By: Calvin Miller
Publisher: InterVarsity Press ISBN: 9780830835041
I’ve spent several weeks reading and ruminating on this book, The Path of Celtic Prayer. Overall, I really enjoyed it, but there was something about the style of writing or flow of the book that seemed to “stutter” at times… more about that later.
Fundamentally, the book is about prayer as stated in the title; however, in the larger sense the book describes a people (the Celts) whose very existence was expressed in their love of God and reflected in a lifestyle of prayer. The imagery portrayed by Miller as he writes about these ancient worshipers is heavily romanticized, but I did not find that as something of a fault… in fact, I consider it fitting for anyone in deep relationship with the Creator God. Awe, wonder, praise, splendor, romance, and more are part of the intimacy of prayer and relationship with God, so Miller’s representation seemed apropos.
The author believes the path of (Celtic) prayer exists in six forms. He goes on to present the paths through examples, instruction, and exercises for the reader. The six paths of prayer, or forms of prayer, are as follows: Trinity Prayer—The Art of Loving God; Scripture Prayer—Praying the Bible Back to Its Author; Long, Wandering Prayer—Seeing Life as a Single, Unending Prayer; Nature Prayer—Poetry and Praise in Ordinary Life; Lorica Prayer—Asking God for Protection; Confessional Prayer—Living in Agreement with God.
I enjoyed the historical references and the education I received about the ancient Celtic world. The poetry and the prayers that Miller shares with his reader are beautiful, robust, and inspiring. Many times as I was reading, I was captured in the prayer…my imaginations swept up in the words, my heart and my mind transported to the altar and throne of Grace.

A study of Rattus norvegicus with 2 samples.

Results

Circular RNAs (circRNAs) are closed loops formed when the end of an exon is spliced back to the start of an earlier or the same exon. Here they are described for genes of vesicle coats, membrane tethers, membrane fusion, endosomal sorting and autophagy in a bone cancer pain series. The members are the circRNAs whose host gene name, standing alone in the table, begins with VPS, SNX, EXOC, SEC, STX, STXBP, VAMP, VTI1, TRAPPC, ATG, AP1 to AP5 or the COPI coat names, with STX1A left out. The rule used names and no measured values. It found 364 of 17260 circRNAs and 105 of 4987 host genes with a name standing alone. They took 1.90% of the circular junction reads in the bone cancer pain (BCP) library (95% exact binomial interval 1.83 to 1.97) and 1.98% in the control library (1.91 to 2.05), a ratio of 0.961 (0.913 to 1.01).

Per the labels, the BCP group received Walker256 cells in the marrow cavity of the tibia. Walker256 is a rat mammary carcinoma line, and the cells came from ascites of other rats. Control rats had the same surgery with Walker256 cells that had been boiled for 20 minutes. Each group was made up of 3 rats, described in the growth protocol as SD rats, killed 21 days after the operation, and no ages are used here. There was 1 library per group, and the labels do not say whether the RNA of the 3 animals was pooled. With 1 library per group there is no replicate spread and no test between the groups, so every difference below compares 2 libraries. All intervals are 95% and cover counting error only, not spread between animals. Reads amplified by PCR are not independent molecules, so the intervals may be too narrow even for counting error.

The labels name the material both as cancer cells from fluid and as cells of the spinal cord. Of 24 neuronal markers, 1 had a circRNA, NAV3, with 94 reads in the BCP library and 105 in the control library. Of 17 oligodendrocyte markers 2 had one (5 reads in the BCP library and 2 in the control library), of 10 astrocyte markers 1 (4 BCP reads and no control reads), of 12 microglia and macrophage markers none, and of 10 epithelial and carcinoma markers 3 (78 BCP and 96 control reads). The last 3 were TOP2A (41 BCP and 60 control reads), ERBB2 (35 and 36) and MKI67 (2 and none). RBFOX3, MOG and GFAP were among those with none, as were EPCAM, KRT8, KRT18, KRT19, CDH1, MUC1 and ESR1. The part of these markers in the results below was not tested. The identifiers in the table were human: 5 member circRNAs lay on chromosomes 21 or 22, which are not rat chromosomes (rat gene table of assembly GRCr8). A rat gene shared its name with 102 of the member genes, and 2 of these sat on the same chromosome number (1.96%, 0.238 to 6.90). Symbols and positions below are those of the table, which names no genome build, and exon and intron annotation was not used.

It is difficult for me to land on a particular form of prayer that I enjoyed or liked the most. I suppose I might have connected in a more personal way with the chapter on Wandering Prayer as it seemed to resonate with the overall landscape of my life, but there were aspects of each form that struck a chord deep within me as well.
I mentioned there was a “stutter” in the flow of the book in my opening comments. This is more likely something personal, but it seemed to me the context of a thought or teaching would be moving along and I would be deeply engrossed in what I was reading and learning, then seemingly all of the sudden that would stop; a prayer or excerpt of poetry or a sidebar bio about a particular hero of the Celts would be thrown in to interrupt the flow. Other readers may not experience this, but it seemed to happen on more than one occasion during my reading. Consequently, I thought the flow of the book was somewhat “stuttered.” Aside from this minor inconvenience, I enjoyed the book greatly and will probably refer to it again and again. As I mentioned, there were several pieces in it that really carried me away in thoughtful, and imaginative, worship. That’s a great place to be.
Disclosure of Material Connection: I received this book free from Intervarsity Press to read and post a review on my site. I was not required to write a positive review. The opinions I have expressed are my own. I am disclosing this in accordance with the Federal Trade Commission’s 16 CFR, Part 255 “Guides Concerning the Use of Endorsements and Testimonials in Advertising.”